Walking On Water

Walking On Water - Charles River, Newton, MA, April 2002


Walking on the Charles River, MA – Demo Video of Prototype


Walking on water, on the Charles river, Massachusetts
Walking on the Charles River, Massachusetts (frame from the video)

Watch the walking on water demo movie on YouTube


From ancient Egypt and Greece to India and China – people have always dreamed of walking on water.
Snowshoes make it possible to walk in deep snow, and similarly, our invention makes it possible to walk of water

Another Human Dream Materialized

In Boston, 1858 –H.R. Rowlands had experimented with walking on water long before the Wright brothers tried solving another crazy dream: human flight.
Rowlands and other inventors that followed over the past centuries tried hard and were granted numerous patents but achieved little real progress  -Walking on water is an elusive and complex technical problem involving mainly stability, control and efficient conversion of the legs’ movement into effective propulsion.
We solved this problem in 2002.

How It’s Done

Our invention makes it possible for a person to walk on water at a near normal gait without using any additional accessory.
The user gets into the pontoons on dry land, steps into the water and simply keeps going forward after losing contact with solid ground.  Bindings are not necessary.
Slow current, small waves, mild wind and underwater obstacles offer little problem and walking through thin ice is quite easy.  The user is changing direction by shifting his weight and changing the direction of his feet and legs.
When going back to land the water walker just walks towards shore and gradually steps out of the water with his feet still inside the pontoons.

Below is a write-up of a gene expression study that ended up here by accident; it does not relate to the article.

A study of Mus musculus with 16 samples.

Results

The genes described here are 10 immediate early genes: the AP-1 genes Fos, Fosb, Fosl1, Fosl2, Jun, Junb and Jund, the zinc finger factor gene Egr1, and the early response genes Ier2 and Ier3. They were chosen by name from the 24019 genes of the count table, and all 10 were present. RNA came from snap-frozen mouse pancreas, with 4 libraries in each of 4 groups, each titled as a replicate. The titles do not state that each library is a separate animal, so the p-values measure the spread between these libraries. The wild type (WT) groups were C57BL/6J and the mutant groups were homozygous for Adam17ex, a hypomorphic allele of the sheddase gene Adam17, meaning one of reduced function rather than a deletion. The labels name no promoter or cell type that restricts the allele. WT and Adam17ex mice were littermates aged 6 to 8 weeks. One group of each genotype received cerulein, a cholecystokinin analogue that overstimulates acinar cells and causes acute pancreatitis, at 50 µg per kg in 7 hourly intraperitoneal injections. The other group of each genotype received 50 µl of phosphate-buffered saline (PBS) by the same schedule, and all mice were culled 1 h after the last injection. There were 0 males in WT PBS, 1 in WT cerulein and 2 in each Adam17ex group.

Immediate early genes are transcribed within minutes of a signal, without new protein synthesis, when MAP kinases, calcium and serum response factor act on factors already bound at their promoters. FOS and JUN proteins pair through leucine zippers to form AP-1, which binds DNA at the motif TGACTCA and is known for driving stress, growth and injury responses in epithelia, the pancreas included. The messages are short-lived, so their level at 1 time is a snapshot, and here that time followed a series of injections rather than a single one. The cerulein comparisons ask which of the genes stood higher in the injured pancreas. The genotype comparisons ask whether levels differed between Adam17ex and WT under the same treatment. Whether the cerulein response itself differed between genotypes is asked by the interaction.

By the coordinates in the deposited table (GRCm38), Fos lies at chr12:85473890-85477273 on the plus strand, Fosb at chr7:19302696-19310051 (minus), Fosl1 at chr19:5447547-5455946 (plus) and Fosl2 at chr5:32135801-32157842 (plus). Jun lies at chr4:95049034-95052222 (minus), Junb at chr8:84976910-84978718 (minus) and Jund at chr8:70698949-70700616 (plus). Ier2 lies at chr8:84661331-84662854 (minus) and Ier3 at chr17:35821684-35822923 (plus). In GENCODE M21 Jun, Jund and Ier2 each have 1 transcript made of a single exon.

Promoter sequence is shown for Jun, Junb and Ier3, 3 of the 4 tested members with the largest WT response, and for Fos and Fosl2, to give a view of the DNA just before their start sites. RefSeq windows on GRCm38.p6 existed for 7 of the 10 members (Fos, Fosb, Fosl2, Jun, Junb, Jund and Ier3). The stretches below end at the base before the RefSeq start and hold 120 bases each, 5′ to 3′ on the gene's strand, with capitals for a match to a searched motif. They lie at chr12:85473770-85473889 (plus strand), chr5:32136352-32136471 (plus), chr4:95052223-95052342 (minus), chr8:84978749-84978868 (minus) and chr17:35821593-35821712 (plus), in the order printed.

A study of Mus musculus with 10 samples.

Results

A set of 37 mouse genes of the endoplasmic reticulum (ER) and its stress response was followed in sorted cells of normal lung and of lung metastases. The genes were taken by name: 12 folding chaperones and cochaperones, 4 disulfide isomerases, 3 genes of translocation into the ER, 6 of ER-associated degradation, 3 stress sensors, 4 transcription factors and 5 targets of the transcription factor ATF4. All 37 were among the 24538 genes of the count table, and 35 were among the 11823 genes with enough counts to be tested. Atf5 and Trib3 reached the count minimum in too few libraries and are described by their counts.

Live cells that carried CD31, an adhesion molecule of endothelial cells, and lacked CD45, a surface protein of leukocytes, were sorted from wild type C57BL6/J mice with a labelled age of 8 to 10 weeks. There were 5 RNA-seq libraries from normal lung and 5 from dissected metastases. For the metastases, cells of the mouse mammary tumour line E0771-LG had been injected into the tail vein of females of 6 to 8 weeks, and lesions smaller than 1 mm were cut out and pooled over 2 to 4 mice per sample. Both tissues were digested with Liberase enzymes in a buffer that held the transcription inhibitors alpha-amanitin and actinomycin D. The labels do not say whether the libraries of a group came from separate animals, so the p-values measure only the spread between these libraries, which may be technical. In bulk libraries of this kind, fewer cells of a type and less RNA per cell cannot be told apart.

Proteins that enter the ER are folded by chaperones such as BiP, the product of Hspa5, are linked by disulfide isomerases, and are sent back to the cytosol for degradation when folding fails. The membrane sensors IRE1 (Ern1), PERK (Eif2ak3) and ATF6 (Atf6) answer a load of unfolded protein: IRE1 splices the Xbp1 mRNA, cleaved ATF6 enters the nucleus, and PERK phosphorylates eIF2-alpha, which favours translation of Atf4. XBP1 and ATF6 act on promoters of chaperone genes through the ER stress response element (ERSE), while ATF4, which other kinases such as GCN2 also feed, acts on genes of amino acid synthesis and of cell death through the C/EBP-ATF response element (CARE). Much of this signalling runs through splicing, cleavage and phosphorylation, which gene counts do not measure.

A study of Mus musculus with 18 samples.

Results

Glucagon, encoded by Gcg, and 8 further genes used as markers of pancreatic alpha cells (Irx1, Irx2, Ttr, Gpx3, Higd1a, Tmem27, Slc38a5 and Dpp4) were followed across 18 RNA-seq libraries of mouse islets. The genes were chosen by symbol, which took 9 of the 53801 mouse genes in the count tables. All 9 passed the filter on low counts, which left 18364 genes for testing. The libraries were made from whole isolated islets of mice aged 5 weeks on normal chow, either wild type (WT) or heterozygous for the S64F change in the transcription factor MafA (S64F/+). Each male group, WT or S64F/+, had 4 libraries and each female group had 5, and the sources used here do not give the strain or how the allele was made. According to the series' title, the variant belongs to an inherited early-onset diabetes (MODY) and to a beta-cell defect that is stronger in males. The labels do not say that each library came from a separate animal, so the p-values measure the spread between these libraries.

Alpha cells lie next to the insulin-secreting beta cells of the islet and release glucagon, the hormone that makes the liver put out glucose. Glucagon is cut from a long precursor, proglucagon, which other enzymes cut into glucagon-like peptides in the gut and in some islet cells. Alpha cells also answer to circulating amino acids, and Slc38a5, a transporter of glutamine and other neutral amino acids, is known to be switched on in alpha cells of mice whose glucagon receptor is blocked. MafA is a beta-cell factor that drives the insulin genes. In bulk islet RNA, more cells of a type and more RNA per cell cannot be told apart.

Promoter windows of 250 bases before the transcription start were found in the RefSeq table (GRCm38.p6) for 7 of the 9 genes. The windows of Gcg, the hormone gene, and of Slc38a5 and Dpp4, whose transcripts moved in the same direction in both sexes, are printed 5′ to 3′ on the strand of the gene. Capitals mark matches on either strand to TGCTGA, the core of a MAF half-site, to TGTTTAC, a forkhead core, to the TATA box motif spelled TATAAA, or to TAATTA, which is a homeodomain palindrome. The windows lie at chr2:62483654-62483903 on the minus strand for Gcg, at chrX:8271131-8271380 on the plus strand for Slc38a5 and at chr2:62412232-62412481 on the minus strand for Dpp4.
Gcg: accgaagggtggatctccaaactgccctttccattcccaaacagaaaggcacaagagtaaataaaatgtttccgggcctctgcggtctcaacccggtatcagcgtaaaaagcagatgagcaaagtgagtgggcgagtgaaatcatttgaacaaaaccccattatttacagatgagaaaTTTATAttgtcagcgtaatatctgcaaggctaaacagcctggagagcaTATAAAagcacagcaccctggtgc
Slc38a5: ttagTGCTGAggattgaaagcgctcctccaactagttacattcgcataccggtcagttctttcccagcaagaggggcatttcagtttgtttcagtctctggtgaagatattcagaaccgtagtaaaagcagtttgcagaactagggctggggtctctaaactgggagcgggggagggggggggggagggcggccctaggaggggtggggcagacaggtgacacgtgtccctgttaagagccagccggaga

Using this invention enables people to navigate on water in a manner substantially similar to the way they do on dry land, but not as easily and swiftly: Snow shoeing is a good analogy.
The invention also enables jumping on water.
Stepping becomes unnecessary with a strong wind is blowing in a favorable direction.
We see possible applications in outdoor sports and recreation

Walking on water - Cohasset harbor, Massachusetts
Walking on the water – Cohasset Harbor, Massachusetts

In The Media:

…-“Yet he was quickly gliding along like a cross-country skier.  Rosen stayed upright and asked if I’d like to give it a shot.”
“The Dreamer”
Article by Stephen Jermanok, The Boston Globe 09/26/2004

“Inventing a Way to Walk on Water”
Article by Teresa Riordan,  The New York Times  08/02/2004

And There’s Better Than Walking On Water

Stand up paddle boards are unstable, clumsy and hard to paddle. They lack directional stability, and they offer no  plan B in case you have to paddle against the wind…
Wavewalk created a watercraft that’s truly suitable for stand up paddling (SUP). It’s called the Wavewalk kayak, and it offers stand up paddling and fishing in full confidence.